Opponents of facial recognition technology in Detroit are not giving up without a fight

  • Steve Neavling
  • DPD Chief James Craig inside the city's Real Time Crime Center at police headquarters.

Opponents of Detroit’s facial recognition system, which has misidentified suspects and led to their false imprisonment, plan to make some noise ahead of the city council’s scheduled vote to extend a contract on the technology’s software on Tuesday.

The protest group Detroit Will Breathe began an online petition calling for the city to stop using the technology, which opponents say is unreliable, racially biased, and constitutionally dubious. By Monday morning, the petition was close to reaching its goal of 1,600 supporters.



Before the 10 a.m. council meeting, protesters are also planning a car caravan protest to target the home of Councilman Andre Spivey, who expressed support for the technology last week and said opponents have “read too much sci-fi.” Protesters are meeting up at 9:30 a.m. at 17455 E. Warren.


Opponents of facial recognition also are urging residents to comment during the council’s call-in period at the beginning of Tuesday's meeting.



The council plans to vote on approving a three-year software contract with South Carolina-based DataWorks Plus, which was set to expire in July. DataWorks agreed to extend its service contract through Sept. 30. But even if the council rejects a new contract, city officials can continue using the technology. The contract, they say, refers to technical support, maintenance, upgrades, and licensing — not the use of the software, which the city already owns.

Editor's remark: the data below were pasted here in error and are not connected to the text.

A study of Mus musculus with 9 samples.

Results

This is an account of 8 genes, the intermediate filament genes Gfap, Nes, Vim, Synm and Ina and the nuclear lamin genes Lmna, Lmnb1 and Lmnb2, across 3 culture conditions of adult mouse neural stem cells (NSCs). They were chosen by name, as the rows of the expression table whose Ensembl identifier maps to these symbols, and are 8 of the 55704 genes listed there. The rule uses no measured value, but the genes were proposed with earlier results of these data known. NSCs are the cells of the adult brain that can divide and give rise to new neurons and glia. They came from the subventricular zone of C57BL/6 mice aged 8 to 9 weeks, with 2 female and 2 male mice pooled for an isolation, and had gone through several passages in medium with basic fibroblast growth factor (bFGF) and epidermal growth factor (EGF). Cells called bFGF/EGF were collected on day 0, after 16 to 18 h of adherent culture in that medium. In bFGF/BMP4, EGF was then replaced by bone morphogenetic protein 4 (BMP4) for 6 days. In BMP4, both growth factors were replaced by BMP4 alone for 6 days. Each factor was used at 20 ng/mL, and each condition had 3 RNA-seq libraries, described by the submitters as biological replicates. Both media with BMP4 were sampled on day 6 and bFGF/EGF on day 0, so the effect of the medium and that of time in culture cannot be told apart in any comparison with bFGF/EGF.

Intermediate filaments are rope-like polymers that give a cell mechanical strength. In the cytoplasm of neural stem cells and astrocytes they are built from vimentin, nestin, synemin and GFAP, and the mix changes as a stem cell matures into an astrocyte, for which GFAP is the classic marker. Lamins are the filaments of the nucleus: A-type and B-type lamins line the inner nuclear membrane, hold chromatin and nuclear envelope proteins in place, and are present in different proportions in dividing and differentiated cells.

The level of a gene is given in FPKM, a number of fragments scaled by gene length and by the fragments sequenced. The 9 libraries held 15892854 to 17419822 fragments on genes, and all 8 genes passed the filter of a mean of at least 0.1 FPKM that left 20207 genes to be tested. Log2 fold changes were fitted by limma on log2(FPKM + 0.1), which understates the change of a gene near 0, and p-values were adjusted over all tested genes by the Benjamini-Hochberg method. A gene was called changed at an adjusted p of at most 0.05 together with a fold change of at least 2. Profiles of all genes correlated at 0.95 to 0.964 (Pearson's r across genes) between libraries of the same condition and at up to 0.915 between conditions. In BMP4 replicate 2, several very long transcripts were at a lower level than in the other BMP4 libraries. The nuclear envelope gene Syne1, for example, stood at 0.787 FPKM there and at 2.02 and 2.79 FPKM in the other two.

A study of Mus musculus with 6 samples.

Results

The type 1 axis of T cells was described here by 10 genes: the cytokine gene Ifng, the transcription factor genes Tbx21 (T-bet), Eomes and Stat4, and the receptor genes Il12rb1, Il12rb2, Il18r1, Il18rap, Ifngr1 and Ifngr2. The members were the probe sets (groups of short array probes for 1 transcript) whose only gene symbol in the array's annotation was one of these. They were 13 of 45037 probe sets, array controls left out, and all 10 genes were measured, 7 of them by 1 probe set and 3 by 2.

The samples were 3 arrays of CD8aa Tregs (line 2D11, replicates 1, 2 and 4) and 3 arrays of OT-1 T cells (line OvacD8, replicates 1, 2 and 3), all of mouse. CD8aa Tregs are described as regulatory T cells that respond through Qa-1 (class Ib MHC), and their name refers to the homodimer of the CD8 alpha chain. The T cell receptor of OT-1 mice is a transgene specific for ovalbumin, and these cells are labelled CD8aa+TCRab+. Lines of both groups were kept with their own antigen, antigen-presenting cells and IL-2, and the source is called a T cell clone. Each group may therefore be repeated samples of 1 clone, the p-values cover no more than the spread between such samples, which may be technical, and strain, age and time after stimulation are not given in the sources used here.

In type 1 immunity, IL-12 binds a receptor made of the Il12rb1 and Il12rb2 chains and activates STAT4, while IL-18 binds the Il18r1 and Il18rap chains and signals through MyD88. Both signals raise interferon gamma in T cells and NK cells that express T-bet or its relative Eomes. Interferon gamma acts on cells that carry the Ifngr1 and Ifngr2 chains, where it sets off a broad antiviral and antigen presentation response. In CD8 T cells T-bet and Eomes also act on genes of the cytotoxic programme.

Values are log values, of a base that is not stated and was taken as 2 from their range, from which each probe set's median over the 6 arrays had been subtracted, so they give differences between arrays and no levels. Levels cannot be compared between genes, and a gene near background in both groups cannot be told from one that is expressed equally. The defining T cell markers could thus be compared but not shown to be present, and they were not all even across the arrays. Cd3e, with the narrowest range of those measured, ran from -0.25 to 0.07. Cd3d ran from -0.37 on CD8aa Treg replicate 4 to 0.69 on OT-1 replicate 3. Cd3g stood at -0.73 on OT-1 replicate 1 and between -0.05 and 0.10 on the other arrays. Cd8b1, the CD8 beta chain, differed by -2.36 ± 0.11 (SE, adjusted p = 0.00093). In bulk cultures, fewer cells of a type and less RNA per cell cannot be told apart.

If the council rejects the contract, the city’s Department of Innovation and Technology could take over the service that was provided by DataWorks, the city previously told Metro Times.

The technology has led to the false arrests of at least two Black men who were misidentified by the technology.

This summer, Boston became the latest city to bar police from using facial recognition technology, joining San Francisco, Oakland, Cambridge, Mass., and Somerville, Mass.

Detroit has one of the most pervasive facial recognition systems in the country. It's used on a quickly expanding surveillance network of high-definition cameras under Mayor Mike Duggan's Project Green Light, a crime-fighting initiative that began in 2016 at gas stations and fast-food restaurants. Since then, the city has installed more than 500 surveillance cameras at parks, schools, low-income housing complexes, immigration centers, gas stations, churches, abortion clinics, hotels, health centers, apartments, and addiction treatment centers. Now, the city is installing high-definition cameras at roughly 500 intersections at a time when other cities are scaling back because of privacy concerns.